Wal-Mart: Logistics Management

Wal-Mart has earned itself the enviable position of being the largest retailing company in the whole world. The company’s unprecedented success can be traced back to the founder of Wal-Mart. Sam Walton opened the first Wal-Mart store on September 1, 1945. Those were hard times. It was the period of the Second World War. Sam Walton knew that the biggest challenge for people was money. So he came into business with one major goal, help people to “save money” so that they could “live better” (Walton, 2009).

He had four major guidelines that still dictate day to day operations at Wal-Mart. He wanted to cut down on expenditure, to increase the sale volume, to embrace technology and to apply the most efficient logistics management. It is this culture that has been the biggest hinge on which Wal-Mart operates. The company is always looking for ways of saving money by cutting down on expenditure so as to give consumers the best prices. Again, this was modeled by the founder. Even after the company had begun bringing in billions, He still drove a pickup. This legacy has remained in the company to date. The managers for instance always stay at economy hotels when on business trips.

But perhaps the most important contributor to the success of Wal-Mart is the supply chain management. Wal-Mart has successfully established one of the most efficient systems of logistics movement that has made it to be a reliable and efficient company. The most significant part of the supply chain is the distribution centers that the store has at different vantage points. The goal of these distribution centers is to feed the supply chain to make sure the demand and supply curve is maintained at normal. Close to 85% of the goods supplied to Wal-Mart went through these centers. Some manufacturers even delivered goods to these centers directly (Chandran, 2003).


A most notable feature of Wal-Mart’s logistics was the fast responsive fleet team. A good logistics management is key in the success of any organization (Waters, 2007). The distribution centers of Wal-Mart are usually serviced by 3500 company trucks. These trucks are responsible transporting cargo from the centers into the stores. This team ensures that the shelves of Wal-Mart are replenished at last twice a week to make sure customers get all they need when they come shopping. To make sure the system is efficient the company only employs drivers who have enough experience and who have a clean driving license record. These drivers usually report to a co-coordinator who will dispatch them to the store that needs supplies.

The distributing process was simplified further by employing a transportation system referred to as cross docking. This is a system where the company picks the finished goods direct from the manufacturers. The goods are then sorted out and then they are delivered to the customers. The idea is to reduce on the need of warehousing and avoid middle men hence cutting down greatly on costs. Let’s take a hypothetical case of a customer that sends Wal-Mart a requisition. On receiving it, Wal-Mart immediately converted it into a purchase order. This is then sent out to different manufacturers to find out which one is able and willing to deliver the goods. Once a supplier had been established, the goods were packed on site as per the customers needs and directly sent to the different customers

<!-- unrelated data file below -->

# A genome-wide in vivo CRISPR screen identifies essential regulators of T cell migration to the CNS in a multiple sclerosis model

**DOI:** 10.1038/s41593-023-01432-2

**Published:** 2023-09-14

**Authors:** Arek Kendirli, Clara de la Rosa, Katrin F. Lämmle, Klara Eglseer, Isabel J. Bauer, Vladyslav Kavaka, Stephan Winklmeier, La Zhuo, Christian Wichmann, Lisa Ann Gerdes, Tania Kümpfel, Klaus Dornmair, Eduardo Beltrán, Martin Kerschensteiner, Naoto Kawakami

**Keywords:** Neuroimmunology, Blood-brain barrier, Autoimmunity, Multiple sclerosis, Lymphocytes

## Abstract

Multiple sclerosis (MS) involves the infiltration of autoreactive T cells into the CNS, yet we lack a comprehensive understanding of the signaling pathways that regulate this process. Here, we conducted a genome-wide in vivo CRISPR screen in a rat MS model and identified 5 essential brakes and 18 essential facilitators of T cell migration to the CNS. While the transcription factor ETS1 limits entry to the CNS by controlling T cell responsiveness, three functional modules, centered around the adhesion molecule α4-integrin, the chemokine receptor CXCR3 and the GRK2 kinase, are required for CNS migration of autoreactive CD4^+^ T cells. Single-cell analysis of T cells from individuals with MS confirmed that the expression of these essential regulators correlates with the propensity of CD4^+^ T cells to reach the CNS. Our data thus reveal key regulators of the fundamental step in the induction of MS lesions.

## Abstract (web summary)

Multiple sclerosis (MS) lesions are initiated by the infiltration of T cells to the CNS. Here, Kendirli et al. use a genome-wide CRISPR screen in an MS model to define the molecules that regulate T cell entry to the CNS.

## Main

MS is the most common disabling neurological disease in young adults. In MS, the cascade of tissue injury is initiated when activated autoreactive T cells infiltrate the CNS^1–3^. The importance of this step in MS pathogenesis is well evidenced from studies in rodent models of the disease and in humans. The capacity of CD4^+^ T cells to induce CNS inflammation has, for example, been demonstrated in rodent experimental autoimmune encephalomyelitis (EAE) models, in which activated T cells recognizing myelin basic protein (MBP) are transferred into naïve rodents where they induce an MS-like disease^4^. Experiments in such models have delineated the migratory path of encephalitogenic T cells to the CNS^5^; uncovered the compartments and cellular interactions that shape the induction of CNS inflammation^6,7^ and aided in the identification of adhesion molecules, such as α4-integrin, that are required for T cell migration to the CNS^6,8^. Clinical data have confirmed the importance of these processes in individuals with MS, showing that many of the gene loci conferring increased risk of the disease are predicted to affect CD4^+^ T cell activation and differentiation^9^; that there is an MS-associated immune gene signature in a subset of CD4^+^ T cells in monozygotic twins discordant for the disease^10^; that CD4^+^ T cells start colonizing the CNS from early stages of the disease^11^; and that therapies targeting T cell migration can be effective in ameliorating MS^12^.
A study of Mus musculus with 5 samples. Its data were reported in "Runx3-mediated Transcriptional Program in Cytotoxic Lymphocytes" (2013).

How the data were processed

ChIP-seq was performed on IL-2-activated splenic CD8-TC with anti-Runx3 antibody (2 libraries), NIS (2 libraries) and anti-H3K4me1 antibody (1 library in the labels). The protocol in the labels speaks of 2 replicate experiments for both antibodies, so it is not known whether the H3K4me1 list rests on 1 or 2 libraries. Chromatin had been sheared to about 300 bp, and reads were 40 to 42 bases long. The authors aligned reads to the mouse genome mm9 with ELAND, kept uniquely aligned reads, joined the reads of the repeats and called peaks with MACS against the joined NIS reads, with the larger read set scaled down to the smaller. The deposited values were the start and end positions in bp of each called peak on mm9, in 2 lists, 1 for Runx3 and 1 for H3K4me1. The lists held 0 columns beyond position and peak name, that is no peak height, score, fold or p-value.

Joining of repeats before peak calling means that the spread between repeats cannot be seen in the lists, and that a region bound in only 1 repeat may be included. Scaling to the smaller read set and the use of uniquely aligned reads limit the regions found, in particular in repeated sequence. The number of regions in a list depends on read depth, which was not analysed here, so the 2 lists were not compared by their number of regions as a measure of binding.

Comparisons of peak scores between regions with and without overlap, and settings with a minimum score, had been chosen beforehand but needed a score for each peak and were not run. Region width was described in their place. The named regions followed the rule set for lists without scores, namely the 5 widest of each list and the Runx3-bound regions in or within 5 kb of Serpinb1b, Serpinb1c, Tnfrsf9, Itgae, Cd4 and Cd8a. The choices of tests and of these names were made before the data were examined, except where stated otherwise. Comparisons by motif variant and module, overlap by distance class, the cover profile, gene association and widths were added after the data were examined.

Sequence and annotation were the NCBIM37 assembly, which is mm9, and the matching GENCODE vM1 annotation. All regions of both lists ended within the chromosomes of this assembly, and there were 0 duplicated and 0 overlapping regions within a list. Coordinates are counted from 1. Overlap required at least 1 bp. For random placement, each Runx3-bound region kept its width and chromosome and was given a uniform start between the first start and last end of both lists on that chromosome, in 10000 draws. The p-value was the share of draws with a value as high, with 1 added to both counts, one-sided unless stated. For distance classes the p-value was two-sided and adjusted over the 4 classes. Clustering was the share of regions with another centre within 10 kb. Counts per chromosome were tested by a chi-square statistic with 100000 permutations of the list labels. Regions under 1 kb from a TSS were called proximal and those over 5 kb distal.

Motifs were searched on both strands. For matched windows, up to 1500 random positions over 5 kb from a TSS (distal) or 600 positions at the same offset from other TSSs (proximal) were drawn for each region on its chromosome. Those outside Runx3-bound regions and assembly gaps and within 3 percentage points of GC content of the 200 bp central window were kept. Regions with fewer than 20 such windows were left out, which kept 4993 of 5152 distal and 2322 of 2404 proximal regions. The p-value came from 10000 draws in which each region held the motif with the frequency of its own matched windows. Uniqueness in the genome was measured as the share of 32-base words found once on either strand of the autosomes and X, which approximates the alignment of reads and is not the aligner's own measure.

Cross-docking is the most efficient way of transportation in the logistics management of the company. It means that the goods don’t have to go to the distribution centers before they are taken to the stores and finally sold. This ensures that Wal-Mart will end up selling the goods at a much cheaper price than it would have. This system of transportation is a blatant shift from the traditional structured way of logistics management. Cross docking removes the power of controlling of the transportation from the board room and makes it a practical and more efficient exercise

While this system works well for the company, Wal-Mart could actual use a mix of the different modes of cross docking that are available. For starters, there is the Opportunistic cross docking method which is used when the destination and the source of the goods is predetermined. The company will then ship the goods directly to the customer. Another type of cross docking is the flow through approach. This is a good method to use for perishables like groceries. The goods enter the distribution centers and leave almost on a predetermined schedule. There is also the Distributor cross docking method. This is where the manufacturer delivers the goods directly to the customer without involving Wal-Mart. It is a win- win situation as both organizations will avoid the need of warehousing.

Pre-allocated cross docking can also be used. This is a form of cross docking which works just like the normal cross docking except that goods to be delivered are usually packed and branded in advance. These goods will then be taken to the distribution centers and later to the stores. Since they were already packaged by the manufacturer, Wal-Mart will not incur the packaging cost again


Chandran, M. (2003). Wal-Mart Supply Chain Management Practices . New York: Routledge.

Walton, R. (2009). Wal-Mart Annual Report 2009. Arkansas: Wal-Mart Stores Inc.

Waters, D. (2007). Global Logistics: New Directions in Supply Chain Management. UK: Kogan Page.